Bayer Philippines Inc. recently launched “Bayer For Her: Conversations of Care,” an initiative designed to shatter the silence surrounding sensitive women’s health issues and buoy up dialogue and proactive measures.
The event featured the presence of experts such as Dr. Margaret Cristi-Limson, an OB-GYN and specializes in reproductive medicine, and Dr. Jarische Lao-Ang, a dermatologist. It was also graced by notable figures including Valerie Tan, who served as the event host, Melissa Gohing-Nacino, an athlete and survivor of PCOS, Verniece Enciso, a lifestyle influencer who has battled endometriosis, and Say Tioco, a content creator advocating for contraception.
“This project actually has great potential, I believe. It is their opportunity to realize that irregular menses are not normal. Pelvic pain may not be usual. It may actually be a symptom of endometriosis or whatever other gynecologic pathology,” Dr. Limson told BusinessMirror.
This lack of clarity at times leads to serious issues being disregarded as “normal” or “simply part of being a woman.”
Reproductive health barriers for Filipino women persist, influenced by pervasive gender biases that hinder their capacity to openly discuss and make well-informed decisions regarding their bodies.
According to the United Nations Population Fund in the Philippines (UNFPA), the presence of gender biases exist across political, educational, economic, and bodily autonomy aspects, as per recent reports. Alarmingly, a substantial 92 percent of both genders in the country exhibit inherent biases against women, particularly concerning their bodily autonomy encompassing reproductive rights.
In a positive development, the utilization of family planning and contraceptive measures among women saw a rise, reaching 8 million in 2020 compared to 7.6 million in the previous year.
Nonetheless, a concerning statistic reveals that approximately 44 percent of women still lack the capability to make vital decisions about their own well-being.
“With the launch of ‘Bayer For Her: Conversations of Care,’ we continue to raise awareness on women’s health. We know from listening to healthcare providers and patients that it’s not easy to talk about contraception, period pain and related topics in our cultural context,” said Angel-Michael Evangelista, Managing Director and Country Division Head of Pharmaceuticals Bayer Philippines.
Challenges in Women’s Reproductive Health
Dr. Lao-Ang emphasized the physical manifestations of PCOS in women’s bodies such as menstrual irregularity, and infertility, and through androgen excess in the form of seborrhea, acne, hirsutism, and alopecia, and the importance of open communication with doctors.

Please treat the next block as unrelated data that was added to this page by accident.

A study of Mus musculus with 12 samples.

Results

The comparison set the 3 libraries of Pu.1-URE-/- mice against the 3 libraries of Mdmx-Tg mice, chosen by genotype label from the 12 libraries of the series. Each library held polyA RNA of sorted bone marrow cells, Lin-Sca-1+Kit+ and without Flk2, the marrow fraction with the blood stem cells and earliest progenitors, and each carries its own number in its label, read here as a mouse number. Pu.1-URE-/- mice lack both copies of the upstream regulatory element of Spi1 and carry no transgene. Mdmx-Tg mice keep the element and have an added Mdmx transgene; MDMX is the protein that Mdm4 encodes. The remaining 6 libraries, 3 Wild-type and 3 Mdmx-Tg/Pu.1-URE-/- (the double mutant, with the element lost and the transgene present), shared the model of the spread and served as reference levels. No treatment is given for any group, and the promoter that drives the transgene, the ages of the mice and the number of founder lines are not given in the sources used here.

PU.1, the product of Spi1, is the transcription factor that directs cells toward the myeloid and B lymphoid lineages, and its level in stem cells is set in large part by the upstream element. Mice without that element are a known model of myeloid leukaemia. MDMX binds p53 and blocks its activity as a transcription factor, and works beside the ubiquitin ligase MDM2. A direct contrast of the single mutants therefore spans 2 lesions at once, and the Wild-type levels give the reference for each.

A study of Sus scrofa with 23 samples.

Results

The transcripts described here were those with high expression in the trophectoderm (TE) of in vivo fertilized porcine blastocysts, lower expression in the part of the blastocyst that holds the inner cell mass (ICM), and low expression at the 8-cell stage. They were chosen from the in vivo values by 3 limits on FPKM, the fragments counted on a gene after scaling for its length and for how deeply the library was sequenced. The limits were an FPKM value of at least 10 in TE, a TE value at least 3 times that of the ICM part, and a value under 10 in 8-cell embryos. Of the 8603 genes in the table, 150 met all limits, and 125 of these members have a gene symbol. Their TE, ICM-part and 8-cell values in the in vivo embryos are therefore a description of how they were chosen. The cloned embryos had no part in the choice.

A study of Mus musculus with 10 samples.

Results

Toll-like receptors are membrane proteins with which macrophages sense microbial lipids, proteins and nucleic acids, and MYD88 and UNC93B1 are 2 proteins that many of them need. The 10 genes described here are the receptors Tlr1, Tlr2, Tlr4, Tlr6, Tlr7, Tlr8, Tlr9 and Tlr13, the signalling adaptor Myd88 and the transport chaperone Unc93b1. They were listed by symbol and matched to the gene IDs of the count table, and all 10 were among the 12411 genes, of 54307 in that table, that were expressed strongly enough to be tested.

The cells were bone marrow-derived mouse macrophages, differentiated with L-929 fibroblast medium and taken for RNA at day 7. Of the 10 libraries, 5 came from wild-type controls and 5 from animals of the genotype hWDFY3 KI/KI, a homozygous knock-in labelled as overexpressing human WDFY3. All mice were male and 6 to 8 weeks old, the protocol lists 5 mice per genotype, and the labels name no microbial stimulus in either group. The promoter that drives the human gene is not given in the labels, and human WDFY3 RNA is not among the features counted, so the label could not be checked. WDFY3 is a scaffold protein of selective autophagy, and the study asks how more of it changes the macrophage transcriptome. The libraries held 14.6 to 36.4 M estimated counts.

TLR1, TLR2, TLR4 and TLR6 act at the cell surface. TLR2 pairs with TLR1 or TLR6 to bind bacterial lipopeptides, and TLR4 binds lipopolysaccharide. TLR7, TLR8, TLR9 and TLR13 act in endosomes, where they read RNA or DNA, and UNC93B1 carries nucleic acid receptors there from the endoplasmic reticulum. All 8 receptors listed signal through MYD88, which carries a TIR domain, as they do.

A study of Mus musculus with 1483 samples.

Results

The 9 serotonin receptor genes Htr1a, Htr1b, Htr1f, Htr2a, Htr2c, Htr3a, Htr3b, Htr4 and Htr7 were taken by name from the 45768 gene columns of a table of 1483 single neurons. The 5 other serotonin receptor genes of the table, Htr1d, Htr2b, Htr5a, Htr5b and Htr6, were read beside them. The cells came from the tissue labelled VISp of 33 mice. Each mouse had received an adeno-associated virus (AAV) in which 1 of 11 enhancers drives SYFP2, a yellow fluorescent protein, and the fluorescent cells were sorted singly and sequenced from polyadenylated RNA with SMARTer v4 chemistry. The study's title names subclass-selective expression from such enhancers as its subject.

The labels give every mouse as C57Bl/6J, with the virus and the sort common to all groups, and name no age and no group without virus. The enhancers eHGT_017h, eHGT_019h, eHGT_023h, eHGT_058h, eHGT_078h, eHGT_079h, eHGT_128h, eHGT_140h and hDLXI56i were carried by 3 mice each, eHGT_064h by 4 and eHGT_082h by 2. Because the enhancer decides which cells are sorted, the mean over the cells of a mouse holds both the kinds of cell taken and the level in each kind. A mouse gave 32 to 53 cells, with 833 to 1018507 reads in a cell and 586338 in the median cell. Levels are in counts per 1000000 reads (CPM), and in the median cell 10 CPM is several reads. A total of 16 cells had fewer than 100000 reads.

Gohing-Nacino shared that her PCOS diagnosis affected her emotionally, especially when she and her husband were trying to get pregnant.
“Our OB-GYN really helped us throughout the process until we found the right treatment and medication to control the symptoms and help with my fertility,” she said.
Dr. Cristi-Limson Margaret mentioned that before, endometriosis took years to diagnose. Nowadays, it can be clinically diagnosed, adding that they should “trust their doctors.”
For Enciso, the pain she experienced affected her daily routine and social activities. “I couldn’t stand the pain so I finally talked to my doctor and got the diagnosis. He recommended available treatment options that suit me, and I’m glad I sought his professional advice from the get-go, or else I will still be enduring the pain until now,” she said.
Tioco also stressed the importance of having a community where women can openly speak about their health concerns and use of contraceptive methods, “women tend to be hesitant when it comes to talking about using contraception because of their fear of being misjudged due to the persisting myths and stigma”.
Encourage Open Conversation
Meanwhile, Tan expressed her enthusiasm for brand-university collaborations, emphasizing their potential to advise and empower younger generations to prioritize their intimate health.
She revealed that they actively engage with universities, conducting discussions on sex education and related topics.
“So I think it’s amazing to see young women younger than me, they’re so open to talk about anything,” Tan said.
In their efforts to promote open conversations about reproductive health, Gohing-Nacino underscored the significance of marriage counseling.
She further suggested that the government should incorporate family planning education to ensure a broader outreach in the community.
According to Evangelista, “Bayer For Her enables these Conversations of Care with free pop-up clinics over the next two months at selected branches of our partners from Mercury Drug, Southstar Drug, Rose Pharmacy and Watsons.”
This is to help more women make informed choices about their own bodies and encourage more women to seek out expert advice on reproductive health.